Mark Nayler

Spain’s political freeze starts to bite

Spain's political freeze starts to bite

So what's the hold up? If you're looking for who to blame, you needn't look beyond acting conservative prime minister Mariano Rajoy and socialist leader Pedro Sanchez, who are emerging as the main obstacles to ending Spain’s political freeze. Dithering Rajoy has refused to step down over deep-set corruption that has put his entire party under investigation. There was some hope that a pact between new centrist party Ciudadanos (‘Citizens’) and the Popular Party (PP), that would have jointly secured the two parties 169 seats in the 350-seat parliament, was the answer to this deadlock. But that optimism looked to be short-lived after Sanchez’s PSOE blocked the deal. Offering no alternative in its place means Sanchez is partly hindering the formation of a new Spanish government, which needs to act quickly to stop the rot setting in.

It's clear this deadlock can't continue for much longer: Rajoy’s temporary administration hasn't approved a single new infrastructure project since last December’s divisive vote - causing spending on public work contracts to crash by a fifth in the first half of this year. Given that such projects provide much-needed employment opportunities - and also attract investment into Spain - it'll be only a matter of time before their absence begins to bite. Other companies also appear to be getting jitters about the lack of a functioning government. Manufacturers’ investment in machinery and equipment, for example, grew at an impressive 11 per cent in the last quarter of 2015; in the second quarter of this year, that slumped to just 7.8 per cent.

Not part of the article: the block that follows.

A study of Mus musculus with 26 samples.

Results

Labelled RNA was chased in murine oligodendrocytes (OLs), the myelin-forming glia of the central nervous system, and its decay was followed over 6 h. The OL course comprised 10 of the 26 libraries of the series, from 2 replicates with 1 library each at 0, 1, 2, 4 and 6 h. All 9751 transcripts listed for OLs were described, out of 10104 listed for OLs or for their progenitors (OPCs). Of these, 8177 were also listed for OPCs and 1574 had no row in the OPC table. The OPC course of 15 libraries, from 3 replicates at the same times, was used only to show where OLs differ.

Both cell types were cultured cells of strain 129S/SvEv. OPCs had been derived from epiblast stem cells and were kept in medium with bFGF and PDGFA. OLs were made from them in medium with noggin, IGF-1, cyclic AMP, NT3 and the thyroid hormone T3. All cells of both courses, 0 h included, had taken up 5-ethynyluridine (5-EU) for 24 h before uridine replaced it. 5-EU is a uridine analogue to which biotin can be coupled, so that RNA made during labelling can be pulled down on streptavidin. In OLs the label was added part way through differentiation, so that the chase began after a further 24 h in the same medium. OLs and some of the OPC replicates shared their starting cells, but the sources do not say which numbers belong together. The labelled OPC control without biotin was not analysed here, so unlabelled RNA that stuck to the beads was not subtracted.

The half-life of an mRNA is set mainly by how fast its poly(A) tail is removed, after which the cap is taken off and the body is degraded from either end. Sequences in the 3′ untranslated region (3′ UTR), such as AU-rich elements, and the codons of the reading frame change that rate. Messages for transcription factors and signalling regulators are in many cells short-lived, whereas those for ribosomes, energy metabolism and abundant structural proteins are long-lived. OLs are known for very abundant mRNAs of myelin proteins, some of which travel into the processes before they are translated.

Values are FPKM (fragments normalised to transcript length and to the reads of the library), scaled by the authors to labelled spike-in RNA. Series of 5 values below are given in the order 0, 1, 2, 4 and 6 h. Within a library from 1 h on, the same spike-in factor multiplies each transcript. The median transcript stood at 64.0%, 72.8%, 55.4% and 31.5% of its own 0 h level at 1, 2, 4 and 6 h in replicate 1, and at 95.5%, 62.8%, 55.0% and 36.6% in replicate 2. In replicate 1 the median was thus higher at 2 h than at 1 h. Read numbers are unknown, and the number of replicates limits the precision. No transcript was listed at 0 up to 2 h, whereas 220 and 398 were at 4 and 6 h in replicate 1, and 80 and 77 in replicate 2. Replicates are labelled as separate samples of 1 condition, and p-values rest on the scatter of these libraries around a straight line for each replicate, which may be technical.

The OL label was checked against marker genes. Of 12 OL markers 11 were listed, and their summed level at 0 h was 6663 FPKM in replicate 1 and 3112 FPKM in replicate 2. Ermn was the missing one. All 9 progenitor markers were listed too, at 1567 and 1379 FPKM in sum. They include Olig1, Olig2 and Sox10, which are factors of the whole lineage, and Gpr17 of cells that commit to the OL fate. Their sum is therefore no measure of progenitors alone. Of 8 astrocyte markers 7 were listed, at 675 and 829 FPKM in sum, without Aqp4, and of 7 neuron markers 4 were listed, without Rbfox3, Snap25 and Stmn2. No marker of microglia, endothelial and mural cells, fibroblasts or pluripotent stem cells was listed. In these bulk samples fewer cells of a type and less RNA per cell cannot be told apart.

You might say that these figures, set alongside Spain’s impressive GDP growth, look insignificant. But they tell us that in the worlds of business and infrastructure development - both crucial to the continuation of Spain’s fragile economic recovery - patience with the country’s political deadlock is wearing thin. The EU is also awaiting the country’s 2017 budget, which must be delivered next month, yet the acting administration is unable to formulate new economic policy.

What's worse is that the two politicians causing this deadlock don't seem to care. The PM and Sanchez are treating the matter without any urgency at all and seem unfazed about dragging their heels, with both men taking holidays this summer. In an ideal world, the solution to this looming crisis would be simple: Sanchez would have refrained, in the interests of Spaniards, from voting against the Ciudadanos-PP pact; and Rajoy would stand down. Yet at the moment, Spain provides almost daily reminders of the fact that politics is never conducted in an ideal world.

It is still possible for Sanchez and Rajoy to simplify the process of forming a new government and, in doing so, guarantee that Spain’s economic recovery is not hampered. Not blocking viable coalition deals and Rajoy's resignation as party leader would be a start. As it is, their prolonged standoff is making Spain the worst of all possible worlds in which to negotiate and may jeopardise the country’s economy. At the moment, the contagion is limited. But it seems a matter of time before all Spaniards pay the price for this unfortunate - and avoidable - political deadlock.